A traditional Passover Seder table setting from the U.S. Claire Asbury Lennox
From Emory News Center
Candler’s Pitts Theology Library has launched a new exhibit, “Reading the Telling: The Passover Haggadah Across Time and Place," highlighting the Haggadah (pl. Haggadot), a compilation of biblical passages, prayers, hymns and rabbinic literature that is read each year during the Jewish Passover Seder.
The exhibit, which opened March 7, will run through June 30 in the Pitts Exhibit Gallery. The exhibit is open during regular library hours, with a lecture event on April 3 and opportunities for guided tours in April and May. Learn more.
A collaboration between Pitts and Emory’s Tam Institute of Jewish Studies, the exhibit is curated by Adam T. Strater, a Wexner Graduate Fellow and PhD student in Hebrew Bible in Emory’s Graduate Division of Religion. It includes various Haggadot from 1695 to the present, acquired from the collections of Pitts, Emory’s Rose Library and the William Breman Jewish Heritage Museum in Atlanta.
Literally translated as “the telling,” the Haggadah recounts the story of the Israelites’ deliverance from Egyptian bondage, and structures the Seder service on the eve of Passover. The ritual reading of the Haggadah at Passover is based on Exodus 13:8: “You shall tell your child on that day, ‘It is because of what the Lord did for me when I came out of Egypt.’” (NRSV)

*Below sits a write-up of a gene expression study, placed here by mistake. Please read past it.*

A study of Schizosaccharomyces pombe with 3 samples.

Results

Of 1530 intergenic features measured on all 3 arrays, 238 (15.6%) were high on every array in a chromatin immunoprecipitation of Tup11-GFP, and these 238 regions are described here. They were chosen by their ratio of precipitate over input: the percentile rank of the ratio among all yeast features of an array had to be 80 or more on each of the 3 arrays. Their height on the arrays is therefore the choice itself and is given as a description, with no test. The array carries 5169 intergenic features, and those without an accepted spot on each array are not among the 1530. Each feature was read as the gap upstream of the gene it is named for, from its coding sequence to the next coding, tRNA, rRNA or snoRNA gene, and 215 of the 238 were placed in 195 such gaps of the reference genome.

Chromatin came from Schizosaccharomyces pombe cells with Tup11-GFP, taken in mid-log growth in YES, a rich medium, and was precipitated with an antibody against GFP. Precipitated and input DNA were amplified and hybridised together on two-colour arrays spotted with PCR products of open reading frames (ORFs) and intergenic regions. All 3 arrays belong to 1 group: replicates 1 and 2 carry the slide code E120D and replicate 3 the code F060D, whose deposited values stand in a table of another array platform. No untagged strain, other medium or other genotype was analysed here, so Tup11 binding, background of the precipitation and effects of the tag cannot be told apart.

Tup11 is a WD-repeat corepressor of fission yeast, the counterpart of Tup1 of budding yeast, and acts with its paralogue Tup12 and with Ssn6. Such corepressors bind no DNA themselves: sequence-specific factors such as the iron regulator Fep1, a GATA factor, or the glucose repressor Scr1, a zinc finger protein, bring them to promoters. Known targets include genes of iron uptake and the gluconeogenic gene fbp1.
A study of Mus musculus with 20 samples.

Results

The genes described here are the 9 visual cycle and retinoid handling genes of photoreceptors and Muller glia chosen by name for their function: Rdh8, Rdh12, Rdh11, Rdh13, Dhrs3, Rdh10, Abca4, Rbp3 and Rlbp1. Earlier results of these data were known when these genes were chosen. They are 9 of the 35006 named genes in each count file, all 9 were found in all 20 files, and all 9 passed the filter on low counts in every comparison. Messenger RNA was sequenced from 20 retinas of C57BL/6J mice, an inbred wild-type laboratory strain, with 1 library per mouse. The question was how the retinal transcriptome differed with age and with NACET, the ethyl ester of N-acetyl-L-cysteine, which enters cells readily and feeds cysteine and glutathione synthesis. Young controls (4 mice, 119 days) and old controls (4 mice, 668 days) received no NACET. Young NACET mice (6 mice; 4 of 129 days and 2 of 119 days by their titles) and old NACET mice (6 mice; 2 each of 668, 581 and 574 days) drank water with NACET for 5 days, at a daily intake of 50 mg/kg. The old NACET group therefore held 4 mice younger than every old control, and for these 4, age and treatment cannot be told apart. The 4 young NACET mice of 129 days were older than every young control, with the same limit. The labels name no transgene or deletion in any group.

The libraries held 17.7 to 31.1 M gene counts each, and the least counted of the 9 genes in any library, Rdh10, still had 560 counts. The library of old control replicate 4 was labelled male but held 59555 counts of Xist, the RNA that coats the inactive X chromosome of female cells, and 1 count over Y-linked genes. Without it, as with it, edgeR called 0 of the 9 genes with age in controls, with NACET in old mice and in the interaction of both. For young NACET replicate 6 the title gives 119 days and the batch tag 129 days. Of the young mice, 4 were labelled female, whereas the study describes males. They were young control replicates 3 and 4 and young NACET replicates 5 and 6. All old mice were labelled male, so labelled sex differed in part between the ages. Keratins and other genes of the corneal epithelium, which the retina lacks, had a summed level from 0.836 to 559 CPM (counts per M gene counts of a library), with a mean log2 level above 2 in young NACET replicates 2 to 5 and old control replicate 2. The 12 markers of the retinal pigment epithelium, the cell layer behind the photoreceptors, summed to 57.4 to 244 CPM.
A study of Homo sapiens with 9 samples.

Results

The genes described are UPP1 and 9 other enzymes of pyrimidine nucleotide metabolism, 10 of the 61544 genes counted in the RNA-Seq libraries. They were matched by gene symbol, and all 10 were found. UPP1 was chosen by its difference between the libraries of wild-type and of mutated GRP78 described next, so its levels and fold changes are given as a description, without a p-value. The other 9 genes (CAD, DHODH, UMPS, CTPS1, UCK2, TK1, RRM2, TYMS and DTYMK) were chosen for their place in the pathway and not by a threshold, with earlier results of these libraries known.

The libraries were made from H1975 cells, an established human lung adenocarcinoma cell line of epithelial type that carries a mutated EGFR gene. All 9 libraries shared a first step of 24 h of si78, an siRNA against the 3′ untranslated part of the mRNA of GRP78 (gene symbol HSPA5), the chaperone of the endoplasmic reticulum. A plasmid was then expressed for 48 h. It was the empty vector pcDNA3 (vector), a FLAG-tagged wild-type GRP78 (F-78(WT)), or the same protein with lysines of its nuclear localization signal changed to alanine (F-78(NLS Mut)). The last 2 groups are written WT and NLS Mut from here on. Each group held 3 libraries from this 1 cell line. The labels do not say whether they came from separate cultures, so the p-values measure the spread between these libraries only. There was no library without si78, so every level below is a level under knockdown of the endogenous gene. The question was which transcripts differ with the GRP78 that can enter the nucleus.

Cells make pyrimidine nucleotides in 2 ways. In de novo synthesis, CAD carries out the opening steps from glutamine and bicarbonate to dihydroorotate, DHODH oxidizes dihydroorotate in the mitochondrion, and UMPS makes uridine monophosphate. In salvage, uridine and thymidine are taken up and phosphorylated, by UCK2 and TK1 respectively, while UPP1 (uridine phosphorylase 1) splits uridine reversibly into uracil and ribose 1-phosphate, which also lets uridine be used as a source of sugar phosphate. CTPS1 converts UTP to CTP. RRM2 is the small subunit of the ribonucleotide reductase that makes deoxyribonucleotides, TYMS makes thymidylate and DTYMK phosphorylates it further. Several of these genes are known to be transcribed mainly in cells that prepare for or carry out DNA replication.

There are thousands of versions of the Haggadah throughout the world, as each “telling” can be customized to reflect the context of the community observing the Seder. The Pitts exhibit highlights this variety.
Featured items include:
With nearly 700 volumes, Pitts boasts one of the largest collections of Haggadot in the southern U.S. The bulk of the collection formed in 2007 and 2008, with gifts from the personal libraries of Jewish social worker Richard K. Goldstein, who donated 579 volumes, and Rabbi David Geffen 59C, author of "American Heritage Haggadah," who donated 99 volumes.
M. Patrick Graham, librarian and Margaret A. Pitts Professor of Theological Bibliography, acknowledges that some may ask why the library at a Christian seminary would assemble such an extensive collection of a text associated with a Jewish ritual, but he says the answer is simple:
“The Jewish Passover has been celebrated for millennia, and the Haggadah tradition has come to embody this important religious practice," Graham explains. "A collection of Haggadot at Emory enables faculty and their students from across the university — and with this exhibit, visitors from across the nation — to explore this religious observance and how it has been adapted for and nourished faith communities throughout the globe.”
Admission to the exhibit is free. Guided tours will be offered on April 1, 15, and 29 and May 13. Register for a tour.
The public is also invited to an opening reception and lecture by Strater, the curator, on Sunday, April 3, from 2 -4 p.m.View the exhibit catalog.